American Airlines Seat Issues Sabotage? Two American Airlines Flights Row Of Seats Come Loose


Could these two instances be a case of sabotage or just a case of bad installation of new seats onboard the same type of airplane? Something is up and they need to get to the bottom of it fast.

And I thought seeing duct tape (speed tape) on an American Airlines engine was a bad sign.

It will be interesting to see what the investigation finds.




    Jon Pierce, the Director of Social Media at AA had this to say:

    An initial internal investigation into why a row of seats became loose on an American Airlines Boeing 757 bound from Boston to Miami on Saturday has indicated that there could be a possible issue with a certain model of seats and how they fit into the tracking used to secure the seats.

    Out of an abundance of caution, American has decided to proactively reinspect eight 757s today that could possibly have this same issue.

    The seats were installed by American maintenance and contract maintenance. The issue does not seem to be tied to any one maintenance facility or one workgroup.

    I know Jon and I believe him.

    I live her in Dallas and it’s hard not to run into an AA pilot in this town. You can find them at church, school events, Little League Games…..the manager of my Starbuck’s is married to one, they’re regular, upstanding, school board serving, community volunteering types. And while I may not agree with what they’re doing, I’m not ready to belive they’d stoop to the level of loosening a row of seats.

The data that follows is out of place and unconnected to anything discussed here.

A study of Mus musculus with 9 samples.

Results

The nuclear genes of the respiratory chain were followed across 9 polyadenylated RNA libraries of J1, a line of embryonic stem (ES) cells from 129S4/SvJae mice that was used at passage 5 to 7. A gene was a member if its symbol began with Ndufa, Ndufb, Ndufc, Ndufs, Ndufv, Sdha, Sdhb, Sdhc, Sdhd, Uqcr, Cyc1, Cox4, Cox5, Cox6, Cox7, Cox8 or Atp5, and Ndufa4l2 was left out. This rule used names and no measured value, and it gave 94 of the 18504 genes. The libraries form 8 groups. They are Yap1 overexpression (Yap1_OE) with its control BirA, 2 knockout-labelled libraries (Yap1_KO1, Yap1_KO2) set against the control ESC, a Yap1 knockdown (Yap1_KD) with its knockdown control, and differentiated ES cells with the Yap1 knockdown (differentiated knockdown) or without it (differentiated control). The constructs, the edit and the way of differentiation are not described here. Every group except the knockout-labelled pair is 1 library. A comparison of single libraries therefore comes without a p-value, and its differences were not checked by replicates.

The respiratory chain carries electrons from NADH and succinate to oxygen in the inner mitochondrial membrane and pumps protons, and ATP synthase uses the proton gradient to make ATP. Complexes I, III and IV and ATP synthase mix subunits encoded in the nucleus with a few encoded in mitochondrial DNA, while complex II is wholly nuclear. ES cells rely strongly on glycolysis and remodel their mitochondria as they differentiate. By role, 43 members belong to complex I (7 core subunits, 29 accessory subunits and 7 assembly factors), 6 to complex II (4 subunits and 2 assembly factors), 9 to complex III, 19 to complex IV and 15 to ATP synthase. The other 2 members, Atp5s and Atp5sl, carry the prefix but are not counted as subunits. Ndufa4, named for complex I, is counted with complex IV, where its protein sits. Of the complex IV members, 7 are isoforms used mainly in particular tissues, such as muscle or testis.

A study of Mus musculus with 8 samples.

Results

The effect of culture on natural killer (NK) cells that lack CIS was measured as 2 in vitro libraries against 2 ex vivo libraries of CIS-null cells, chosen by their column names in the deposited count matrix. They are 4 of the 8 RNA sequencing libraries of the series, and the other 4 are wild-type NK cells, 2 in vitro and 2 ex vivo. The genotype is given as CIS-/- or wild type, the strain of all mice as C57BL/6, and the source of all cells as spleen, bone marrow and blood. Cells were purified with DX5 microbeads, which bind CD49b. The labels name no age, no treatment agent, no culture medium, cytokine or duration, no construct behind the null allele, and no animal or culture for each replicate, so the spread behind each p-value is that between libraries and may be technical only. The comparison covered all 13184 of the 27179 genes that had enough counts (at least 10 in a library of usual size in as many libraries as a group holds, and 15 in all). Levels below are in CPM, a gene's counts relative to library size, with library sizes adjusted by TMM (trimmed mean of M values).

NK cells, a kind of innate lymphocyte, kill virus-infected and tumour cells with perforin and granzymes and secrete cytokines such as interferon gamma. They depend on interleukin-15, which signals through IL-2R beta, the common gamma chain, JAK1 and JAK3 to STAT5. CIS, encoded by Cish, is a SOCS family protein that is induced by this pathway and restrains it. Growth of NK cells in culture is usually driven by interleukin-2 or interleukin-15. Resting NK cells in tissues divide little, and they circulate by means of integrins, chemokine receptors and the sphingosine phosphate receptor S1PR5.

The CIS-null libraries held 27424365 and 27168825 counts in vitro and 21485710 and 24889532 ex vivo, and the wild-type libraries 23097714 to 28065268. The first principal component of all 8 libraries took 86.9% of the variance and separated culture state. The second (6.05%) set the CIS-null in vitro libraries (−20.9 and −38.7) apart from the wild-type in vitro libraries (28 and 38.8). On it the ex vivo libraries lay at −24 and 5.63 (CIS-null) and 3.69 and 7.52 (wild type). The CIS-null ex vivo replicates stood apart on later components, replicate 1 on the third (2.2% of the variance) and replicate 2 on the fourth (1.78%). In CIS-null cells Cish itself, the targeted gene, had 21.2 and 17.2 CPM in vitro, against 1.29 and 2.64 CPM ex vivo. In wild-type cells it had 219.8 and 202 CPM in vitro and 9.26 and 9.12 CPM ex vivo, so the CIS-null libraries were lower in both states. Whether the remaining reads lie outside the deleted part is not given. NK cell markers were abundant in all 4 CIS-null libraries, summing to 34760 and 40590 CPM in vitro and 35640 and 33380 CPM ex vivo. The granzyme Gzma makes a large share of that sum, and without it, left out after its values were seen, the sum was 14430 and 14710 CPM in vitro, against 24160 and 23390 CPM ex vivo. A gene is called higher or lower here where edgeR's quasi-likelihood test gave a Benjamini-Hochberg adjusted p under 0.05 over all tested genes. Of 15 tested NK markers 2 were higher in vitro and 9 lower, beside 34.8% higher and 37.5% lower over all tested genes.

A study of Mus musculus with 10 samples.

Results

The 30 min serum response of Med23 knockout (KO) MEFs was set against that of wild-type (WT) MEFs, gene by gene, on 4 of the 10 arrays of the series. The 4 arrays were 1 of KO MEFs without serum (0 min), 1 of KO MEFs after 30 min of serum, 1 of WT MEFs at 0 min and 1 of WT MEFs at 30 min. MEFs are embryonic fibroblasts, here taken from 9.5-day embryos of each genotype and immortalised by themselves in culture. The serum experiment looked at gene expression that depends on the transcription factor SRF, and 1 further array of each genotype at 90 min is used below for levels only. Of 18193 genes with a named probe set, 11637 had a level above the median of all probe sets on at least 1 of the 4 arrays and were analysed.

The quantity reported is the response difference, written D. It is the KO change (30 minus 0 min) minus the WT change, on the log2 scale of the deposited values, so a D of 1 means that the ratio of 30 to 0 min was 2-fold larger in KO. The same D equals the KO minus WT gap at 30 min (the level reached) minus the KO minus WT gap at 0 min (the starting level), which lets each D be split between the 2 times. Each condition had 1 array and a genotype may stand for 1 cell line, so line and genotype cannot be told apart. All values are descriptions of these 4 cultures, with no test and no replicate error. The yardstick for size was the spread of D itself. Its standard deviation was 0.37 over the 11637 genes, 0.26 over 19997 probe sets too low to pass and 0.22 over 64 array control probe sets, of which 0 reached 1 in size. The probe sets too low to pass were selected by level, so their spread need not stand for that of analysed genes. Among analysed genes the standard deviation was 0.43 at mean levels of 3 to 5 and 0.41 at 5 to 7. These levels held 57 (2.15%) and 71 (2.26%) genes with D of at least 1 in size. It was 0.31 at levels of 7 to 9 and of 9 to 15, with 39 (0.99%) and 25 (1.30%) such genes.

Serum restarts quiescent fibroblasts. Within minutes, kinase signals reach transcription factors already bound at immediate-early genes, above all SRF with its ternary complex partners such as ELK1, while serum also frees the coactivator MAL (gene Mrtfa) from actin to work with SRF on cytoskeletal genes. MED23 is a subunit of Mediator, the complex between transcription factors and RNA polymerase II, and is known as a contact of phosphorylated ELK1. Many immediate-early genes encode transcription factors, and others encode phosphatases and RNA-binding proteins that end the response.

There’s been a lot of press about what’s going on at AA, and there’s no doubt that the situation with their pilots is out of hand, but even in their anger I don’t think that AA pilots would put passengers at risk or commit a federal crime.

  2. I think suggesting that this might be sabotage with absolutely nothing to back it up is really irresponsible, bordering on unethical.

  3. To return to a profitable business model, AA has to fire people. period.

    Those on the receiving end find it more enticing to force AA’s hand with regards to a merger with US Airways, a more union-friendly carrier.

    AA workers may be upstanding citizens in a personable context, but when faced with a choice between collective termination and the ability to coerce AA into a more favorable contract, the threshold for ethical behavior becomes a lot murkier, especially in today’s economy.